Number-crunching competition showcases the business of data

Banging on keyboards and hoping something comes out.

That’s Kristin Mara and Corey Smith’s tongue-in-cheek description of their team’s strategy at last year’s Midwest Undergraduate Data Analytics Competition, hosted by Winona State University. Their team won and will be competing again in this year’s competition, which begins today and runs through Sunday.

“I like that it gives you a real-world problem and have to think out of the box to come up with an answer,” Mara said.

Not only was the problem from the real world, it had real significance for Fastenal, which provided the data that teams analyzed. Peter Guidinger, one of Fastenal’s advisers for the competition, said data analysis can save millions of dollars and influence the direction a company takes.

“Data analysis is critical for making good business decisions,” he said. “Companies and businesses have a wealth of data. But getting solutions and insights from that data can be a challenge.”

Fastenal is providing the data again for this year’s competition, which will take place over a 24-hour period. This year’s competition has brought 20 teams from nine schools in the tri-state region, including large state schools like Iowa State University, the University of Minnesota and the University of Wisconsin–Madison.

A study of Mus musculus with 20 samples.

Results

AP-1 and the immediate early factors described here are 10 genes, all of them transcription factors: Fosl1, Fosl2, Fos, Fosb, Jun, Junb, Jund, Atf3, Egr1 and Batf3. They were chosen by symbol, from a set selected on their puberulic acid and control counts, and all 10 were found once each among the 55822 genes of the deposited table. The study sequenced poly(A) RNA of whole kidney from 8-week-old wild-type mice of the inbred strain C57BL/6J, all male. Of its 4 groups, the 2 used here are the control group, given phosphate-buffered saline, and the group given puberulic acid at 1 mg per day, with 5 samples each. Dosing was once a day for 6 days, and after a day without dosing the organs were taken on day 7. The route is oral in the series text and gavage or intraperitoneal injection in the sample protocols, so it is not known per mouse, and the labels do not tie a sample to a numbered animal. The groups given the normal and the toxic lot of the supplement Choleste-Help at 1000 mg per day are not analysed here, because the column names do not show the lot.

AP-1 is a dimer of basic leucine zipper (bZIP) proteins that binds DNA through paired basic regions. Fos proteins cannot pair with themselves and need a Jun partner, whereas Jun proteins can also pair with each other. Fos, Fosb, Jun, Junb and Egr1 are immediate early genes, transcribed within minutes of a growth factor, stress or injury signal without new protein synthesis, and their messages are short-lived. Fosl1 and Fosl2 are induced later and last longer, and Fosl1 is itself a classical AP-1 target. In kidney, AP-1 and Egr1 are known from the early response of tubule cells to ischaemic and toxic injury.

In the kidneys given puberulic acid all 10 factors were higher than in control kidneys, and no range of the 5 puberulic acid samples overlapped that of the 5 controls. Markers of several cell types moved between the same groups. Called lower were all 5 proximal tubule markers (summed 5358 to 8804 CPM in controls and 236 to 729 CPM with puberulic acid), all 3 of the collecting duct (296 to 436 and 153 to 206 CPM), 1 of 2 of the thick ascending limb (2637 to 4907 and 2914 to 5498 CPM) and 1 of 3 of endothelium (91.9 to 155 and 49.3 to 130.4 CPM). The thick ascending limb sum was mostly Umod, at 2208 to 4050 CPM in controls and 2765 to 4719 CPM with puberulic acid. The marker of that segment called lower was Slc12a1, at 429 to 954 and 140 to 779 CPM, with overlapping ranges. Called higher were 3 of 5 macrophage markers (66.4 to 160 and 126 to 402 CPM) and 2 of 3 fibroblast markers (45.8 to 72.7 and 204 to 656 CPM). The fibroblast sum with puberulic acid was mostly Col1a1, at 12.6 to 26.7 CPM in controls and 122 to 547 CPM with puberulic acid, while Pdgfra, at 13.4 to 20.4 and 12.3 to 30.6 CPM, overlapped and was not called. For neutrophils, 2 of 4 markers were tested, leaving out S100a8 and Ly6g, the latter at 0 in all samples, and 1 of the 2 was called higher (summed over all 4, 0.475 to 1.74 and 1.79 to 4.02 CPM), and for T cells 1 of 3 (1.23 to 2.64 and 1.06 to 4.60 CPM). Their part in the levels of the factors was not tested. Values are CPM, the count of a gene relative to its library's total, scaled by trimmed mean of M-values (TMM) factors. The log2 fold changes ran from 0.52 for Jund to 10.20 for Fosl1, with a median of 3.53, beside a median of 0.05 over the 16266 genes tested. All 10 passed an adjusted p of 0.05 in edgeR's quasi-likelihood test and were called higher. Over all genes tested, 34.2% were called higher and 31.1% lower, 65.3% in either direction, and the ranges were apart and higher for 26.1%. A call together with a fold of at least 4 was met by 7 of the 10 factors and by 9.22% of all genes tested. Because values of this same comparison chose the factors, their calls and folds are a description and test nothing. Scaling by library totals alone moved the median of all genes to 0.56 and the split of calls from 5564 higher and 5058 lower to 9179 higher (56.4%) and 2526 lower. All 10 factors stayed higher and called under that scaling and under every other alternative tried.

Guidinger said the teams will analyze hundreds of thousands of data points on Fastenal’s industrial vending machine program, then provide both a written and oral presentation of their findings and recommendations for change.

“We will be getting some business intelligence out of the competition,” Guidinger said. “We like the fact we can give some of WSU’s brightest students a unique experience.”

Big data is big business as companies, medical organizations and even politicians have to come to rely on the ability to analyze large amounts of data to identify trends and make decisions.

Many online retailers use data analysis to recommend products or tailor advertisements by comparing shopping habits to other customers. Data analysis is also used by medical researchers tackling complex medical problems and political strategists looking to craft custom messages to groups of potential voters.

Mara and Smith’s description of their strategy notwithstanding, data analysis is hard work, said MUDAC director Chris Malone. There are many tools available to the students during the competition, but it takes skill to figure out which ones yield valid results.

“If you have answers people will listen,” Malone said. “Data holds those answers.”

Malone said the competition has grown so much since its first year that it had to turn away teams. The growth has also brought in organizations from around the state that are big players in data analysis.

Malone said those companies include Medtronic, 3M, Mayo Clinic Health System and others, who will all help judge the competition. Malone said it gives students great exposure to the field.

Malone and WSU mathematics and statistics department chair Brant Deppa both said it’s unique for a school like WSU to host a competition like this and that it speaks to both the quality of the program and the students.

“We have a very good program,” Deppa said. “The best in the Midwest.”

“We’ve drawn out a niche for ourselves at the undergraduate level,” Malone added. “In that niche, WSU stands out.”